PxL: Transforming eCommerce P&Ls (Part 3)


Let’s begin by taking a look at the eCommerce funnel and where the profit killing and loss creation points are.

Smart Insights has this funnel view:

ChatGPT offered this overview:

  • Website or App Traffic: This is the total number of visitors that arrive at your site or app. The success of this stage is often measured in terms of growth in absolute numbers, as well as the sources of traffic (organic, direct, referral, paid, etc.).
  • Bounce Rate: This is the percentage of visitors who leave your site after viewing only one page. A typical benchmark for bounce rate is between 20% to 45%. Higher rates might indicate issues with your landing pages, while lower rates suggest that visitors are engaging more deeply with your site.
  • Product Page Views: A common benchmark for the percentage of website visitors who actually view a product page is 60-80%.
  • Add to Cart Rate: This is the percentage of visitors who add a product to their shopping cart. Average benchmarks for this stage can range anywhere from 5% to 15%.
  • Cart Abandonment Rate: This is the percentage of visitors who add a product to their cart but do not complete the purchase. On average, this rate is quite high, often around 60% to 75%.
  • Conversion Rate: This is the percentage of visitors who complete a purchase. Average eCommerce conversion rates typically range from 1% to 3%. However, it can go as high as 5-7% for well-optimized sites or specific industries.

The numbers are quite similar to the Smart Insights funnel.

Now, let’s add an additional layer. How do people come to the website (or app)? They can come on their own (branding), via search engines or social media (organic or paid), or via push messages (email, SMS, push notifications, WhatsApp). For existing customers, email is one of the most important channels to drive traffic. (In app-heavy markets like India, push notifications also work very well as long as they are not blocked.)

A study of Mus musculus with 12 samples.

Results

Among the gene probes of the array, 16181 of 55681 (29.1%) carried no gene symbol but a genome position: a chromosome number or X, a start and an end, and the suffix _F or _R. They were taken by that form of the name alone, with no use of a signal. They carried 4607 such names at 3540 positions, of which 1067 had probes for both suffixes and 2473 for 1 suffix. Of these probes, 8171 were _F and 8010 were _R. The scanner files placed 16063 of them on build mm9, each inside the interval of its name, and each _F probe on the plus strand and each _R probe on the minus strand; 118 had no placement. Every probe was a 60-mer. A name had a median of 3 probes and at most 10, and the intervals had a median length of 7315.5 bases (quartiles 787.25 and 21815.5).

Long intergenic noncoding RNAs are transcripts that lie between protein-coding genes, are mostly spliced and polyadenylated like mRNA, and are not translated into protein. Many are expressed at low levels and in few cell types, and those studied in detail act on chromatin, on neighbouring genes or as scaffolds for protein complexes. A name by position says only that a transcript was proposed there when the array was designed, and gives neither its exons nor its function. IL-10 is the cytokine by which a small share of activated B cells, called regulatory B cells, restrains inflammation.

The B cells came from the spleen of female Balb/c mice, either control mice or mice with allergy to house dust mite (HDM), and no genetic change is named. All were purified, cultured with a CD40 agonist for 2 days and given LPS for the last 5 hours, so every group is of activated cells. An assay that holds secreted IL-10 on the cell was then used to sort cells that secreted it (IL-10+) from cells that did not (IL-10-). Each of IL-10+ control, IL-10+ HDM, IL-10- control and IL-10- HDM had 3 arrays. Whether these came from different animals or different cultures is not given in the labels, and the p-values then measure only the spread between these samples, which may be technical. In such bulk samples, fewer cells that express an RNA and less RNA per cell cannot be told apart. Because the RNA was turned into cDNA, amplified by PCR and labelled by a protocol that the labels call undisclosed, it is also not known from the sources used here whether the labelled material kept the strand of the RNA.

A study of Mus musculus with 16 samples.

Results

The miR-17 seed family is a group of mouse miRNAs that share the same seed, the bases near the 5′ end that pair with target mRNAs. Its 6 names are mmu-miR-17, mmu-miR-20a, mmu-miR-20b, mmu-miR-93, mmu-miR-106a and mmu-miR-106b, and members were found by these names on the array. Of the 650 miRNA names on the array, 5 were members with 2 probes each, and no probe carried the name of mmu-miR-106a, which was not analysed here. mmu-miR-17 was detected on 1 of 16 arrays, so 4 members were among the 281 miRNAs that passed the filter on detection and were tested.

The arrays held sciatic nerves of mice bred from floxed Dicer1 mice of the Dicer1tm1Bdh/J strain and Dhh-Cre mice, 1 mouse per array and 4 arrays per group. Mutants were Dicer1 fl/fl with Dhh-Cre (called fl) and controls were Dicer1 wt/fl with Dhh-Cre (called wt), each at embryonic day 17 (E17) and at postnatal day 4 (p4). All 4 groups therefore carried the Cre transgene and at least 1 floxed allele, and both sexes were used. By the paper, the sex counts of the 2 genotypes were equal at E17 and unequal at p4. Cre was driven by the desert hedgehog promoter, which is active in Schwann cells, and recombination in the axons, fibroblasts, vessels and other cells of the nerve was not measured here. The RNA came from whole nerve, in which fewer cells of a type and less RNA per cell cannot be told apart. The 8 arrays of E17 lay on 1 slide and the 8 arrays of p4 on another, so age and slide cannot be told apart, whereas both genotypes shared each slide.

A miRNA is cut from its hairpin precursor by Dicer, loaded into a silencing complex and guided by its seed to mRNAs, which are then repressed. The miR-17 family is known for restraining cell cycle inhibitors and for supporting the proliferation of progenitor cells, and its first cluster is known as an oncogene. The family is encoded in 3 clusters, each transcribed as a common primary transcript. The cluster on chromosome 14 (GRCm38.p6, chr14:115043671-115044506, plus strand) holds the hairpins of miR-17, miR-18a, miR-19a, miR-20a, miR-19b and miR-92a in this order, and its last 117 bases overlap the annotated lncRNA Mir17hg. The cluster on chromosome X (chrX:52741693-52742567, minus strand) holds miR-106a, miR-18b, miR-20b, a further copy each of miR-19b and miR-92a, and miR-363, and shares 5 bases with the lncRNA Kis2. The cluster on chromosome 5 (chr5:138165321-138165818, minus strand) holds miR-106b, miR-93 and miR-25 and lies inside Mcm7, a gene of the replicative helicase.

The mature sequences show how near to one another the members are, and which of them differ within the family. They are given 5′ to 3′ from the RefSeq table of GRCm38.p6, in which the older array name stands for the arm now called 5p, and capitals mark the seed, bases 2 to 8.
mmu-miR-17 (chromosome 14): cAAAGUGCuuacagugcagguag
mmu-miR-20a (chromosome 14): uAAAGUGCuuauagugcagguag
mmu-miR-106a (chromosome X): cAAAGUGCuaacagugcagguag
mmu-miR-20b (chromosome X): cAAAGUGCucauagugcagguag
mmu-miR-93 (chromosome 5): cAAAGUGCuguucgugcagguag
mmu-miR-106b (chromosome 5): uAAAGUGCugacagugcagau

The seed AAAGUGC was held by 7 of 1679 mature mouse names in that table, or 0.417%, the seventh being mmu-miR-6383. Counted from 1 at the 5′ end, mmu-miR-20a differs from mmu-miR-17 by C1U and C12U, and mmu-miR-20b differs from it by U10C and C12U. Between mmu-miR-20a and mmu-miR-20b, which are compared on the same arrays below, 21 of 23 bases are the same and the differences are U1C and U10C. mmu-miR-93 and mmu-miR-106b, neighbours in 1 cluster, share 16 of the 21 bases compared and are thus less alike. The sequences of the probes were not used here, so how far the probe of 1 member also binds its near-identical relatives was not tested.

Of the emails sent, open rates are about 10-20% and clickthrough rates are typically 10% of the opens, which means CTRs are 1-2%. Also, brands send emails to the more engaged consumers on their list to not negatively impact their domain reputation, leaving about 60-70% of the list untouched. Putting it in easy-to-understand numbers:

  • Let’s say a brand has a list of 10,000 email IDs
  • Assume 70% is dormant (inactive)
  • So, they send emails to 3,000 email IDs
  • Of these, 10% open – about 300
  • Of these, 10% clickthrough – about 30
  • Of these 30 site visitors, about 15% will add an item to cart – so about 4
  • Of these, 3% buy – which makes it 1

So, 1 person buys from a list of 10,000 email IDs (from a single email campaign).

eCommerce brands do multiple email campaigns in a month, visitors also come through other methods (memory, SEO, SEM, SMS, and so on). From conversations with US customers, what I have gathered is that email accounts for over 20% of revenues. ChatGPT: “As of my last training cut-off in September 2021, it was common to hear that email marketing could contribute anywhere from 10% to 30% of a company’s total online sales.” Bard: “According to a study by Epsilon, email marketing generates an average of $38 for every $1 spent. This means that email campaigns can account for a significant portion of revenue for ecommerce companies. In fact, some companies report that email marketing accounts for up to 50% of their revenue.”

Published by

Rajesh Jain

An Entrepreneur based in Mumbai, India.